Paul Naybour Paul Naybour

Published: 20th January 2011

“The companies involved in the Gulf of Mexico oil spill made decisions to cut costs and save time that contributed to the disaster” National Commission on the BP Deepwater Horizon Oil Spill and Offshore Drilling

The lessons to the learned from the loss of Nimrod XV230 are profound and wide-ranging. Many of the lessons to be learned are not new. The organisational causes of the loss of Nimrod XV230 echo other major accident cases, in particular the loss of the Space Shuttles Challenger and Columbia, and cases such as the Herald of Free Enterprise, the King’s Cross Fire, the Marchioness Disaster and BP Texas City.

Haddon-Cave report into the loss of RAF Nimrod XV230 was lost on 2 September 2006 with 14 service personnel on board

The past year has seen two major reports into different accidents with remarkably similar conclusions about the root causes. The first is the Deep Water Horizon disaster with the loss of 11 workers and huge environmental economic and social impact, the second the loss of RAF Nimrod XV230 with the loss of 14 lives in Afghanistan. Reading the reports on these accidents is a sobering exercise for any project management or engineer working with complex safety critical systems.
In both cases the risk were well understood in the industries in which they operated and multiple levels of precautions had been developed to prevent these accidents occurring. However in both cases commercial pressures of time and cost caused these precautions to be circumvented. For example the procurements of seals from a cheaper non-aviation supplier and a lamentable attempt to complete the safety case were one of the likely causes of the Nimrod accident and a flat battery the blow out prevented was one of the contributing factors to the deepwater horizon accident.
In his report on the Nimrod failure Charles Haddon-Cave QC said “The Nimrod Safety Case process was fatally undermined by a general malaise: a widespread assumption by those involved that the Nimrod was ‘safe anyway’ (because it had successfully flown for 30 years) and the task of drawing up the Safety Case became essentially a paperwork and ‘tickbox’ exercise.”
Similarly the president commission investigating the Deepwater Horizon Macondo disaster said “Whether purposeful or not, many of the decisions that BP, Halliburton, and Transocean made that increased the risk of the Macondo blow-out clearly saved those companies significant time (and money),” the presidential panel wrote. “BP did not have adequate controls in place to ensure that key decisions in the months leading up to the blow-out were safe or sound from an engineering perspective.”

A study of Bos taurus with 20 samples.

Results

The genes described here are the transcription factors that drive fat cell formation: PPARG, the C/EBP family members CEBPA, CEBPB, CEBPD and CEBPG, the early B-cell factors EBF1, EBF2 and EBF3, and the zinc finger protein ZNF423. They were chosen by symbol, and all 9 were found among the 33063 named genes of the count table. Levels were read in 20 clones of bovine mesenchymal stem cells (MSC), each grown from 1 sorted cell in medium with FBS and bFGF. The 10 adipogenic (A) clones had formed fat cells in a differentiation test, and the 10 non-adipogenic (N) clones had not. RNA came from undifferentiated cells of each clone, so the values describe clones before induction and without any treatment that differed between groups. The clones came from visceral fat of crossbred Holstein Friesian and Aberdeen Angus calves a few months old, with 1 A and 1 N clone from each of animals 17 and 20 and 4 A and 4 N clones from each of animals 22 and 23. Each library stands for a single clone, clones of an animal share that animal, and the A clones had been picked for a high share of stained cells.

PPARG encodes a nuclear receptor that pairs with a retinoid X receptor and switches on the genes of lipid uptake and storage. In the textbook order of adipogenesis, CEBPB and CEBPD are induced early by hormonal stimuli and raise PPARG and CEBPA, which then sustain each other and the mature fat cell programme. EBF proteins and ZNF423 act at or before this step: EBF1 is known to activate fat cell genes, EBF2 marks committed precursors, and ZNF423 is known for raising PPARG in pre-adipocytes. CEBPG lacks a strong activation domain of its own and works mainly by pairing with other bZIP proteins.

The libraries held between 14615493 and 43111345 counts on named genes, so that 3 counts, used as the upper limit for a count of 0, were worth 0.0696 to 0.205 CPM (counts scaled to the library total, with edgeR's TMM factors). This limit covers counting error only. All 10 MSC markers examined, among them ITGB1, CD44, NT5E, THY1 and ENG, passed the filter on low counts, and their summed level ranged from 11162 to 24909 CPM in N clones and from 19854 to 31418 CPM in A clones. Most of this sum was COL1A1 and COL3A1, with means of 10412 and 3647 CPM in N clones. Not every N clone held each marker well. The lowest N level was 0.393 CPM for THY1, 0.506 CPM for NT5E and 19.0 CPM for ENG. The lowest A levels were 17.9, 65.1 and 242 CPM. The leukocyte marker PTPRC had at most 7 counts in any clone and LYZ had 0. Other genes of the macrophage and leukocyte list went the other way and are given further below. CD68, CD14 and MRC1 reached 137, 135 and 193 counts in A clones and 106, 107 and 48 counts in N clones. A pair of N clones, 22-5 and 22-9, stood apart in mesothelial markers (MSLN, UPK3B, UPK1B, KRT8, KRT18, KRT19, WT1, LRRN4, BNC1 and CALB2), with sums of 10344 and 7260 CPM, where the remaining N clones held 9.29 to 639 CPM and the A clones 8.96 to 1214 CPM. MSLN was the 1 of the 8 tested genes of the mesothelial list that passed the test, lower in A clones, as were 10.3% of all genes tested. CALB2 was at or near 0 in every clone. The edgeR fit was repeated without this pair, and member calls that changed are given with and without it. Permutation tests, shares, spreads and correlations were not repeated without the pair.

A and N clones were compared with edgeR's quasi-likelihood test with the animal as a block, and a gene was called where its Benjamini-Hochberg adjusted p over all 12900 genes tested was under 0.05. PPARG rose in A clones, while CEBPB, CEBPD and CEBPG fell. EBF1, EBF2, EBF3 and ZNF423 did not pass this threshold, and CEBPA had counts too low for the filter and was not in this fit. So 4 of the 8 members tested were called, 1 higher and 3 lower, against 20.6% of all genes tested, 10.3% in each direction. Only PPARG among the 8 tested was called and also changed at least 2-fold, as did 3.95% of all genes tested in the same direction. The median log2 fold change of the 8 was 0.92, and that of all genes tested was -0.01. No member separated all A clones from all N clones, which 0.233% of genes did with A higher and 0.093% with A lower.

The sad point is that many of these lessons are the same as recognised by the Columbia Accident Investigation Board Report in 2003:

The organizational causes of this accident are rooted in … history and culture, …years of resource constraints, fluctuating priorities, schedule pressures, …. Cultural traits and organizational practices detrimental to safety were allowed to develop, including: reliance on past success as a substitute for sound engineering practices …; organizational barriers that prevented effective communication of critical safety information and stifled professional differences of opinion; lack of integrated management across program elements; and the evolution of … informal … decision-making processes that operated outside the organization’s rules.…”

Columbia Accident Investigation Board Report, Volume 1, Chapter 1, page 9

Both of these reports are highly recommended reading for anyone working is safety critical industries. Key questions are:


Was the accident on the Deep Horizon Rig just bad luck or poor management?
To what extent were the risks associated with the project identified and managed?
What if any systematic root causes exist for the accident?
Could this happen in your organisation?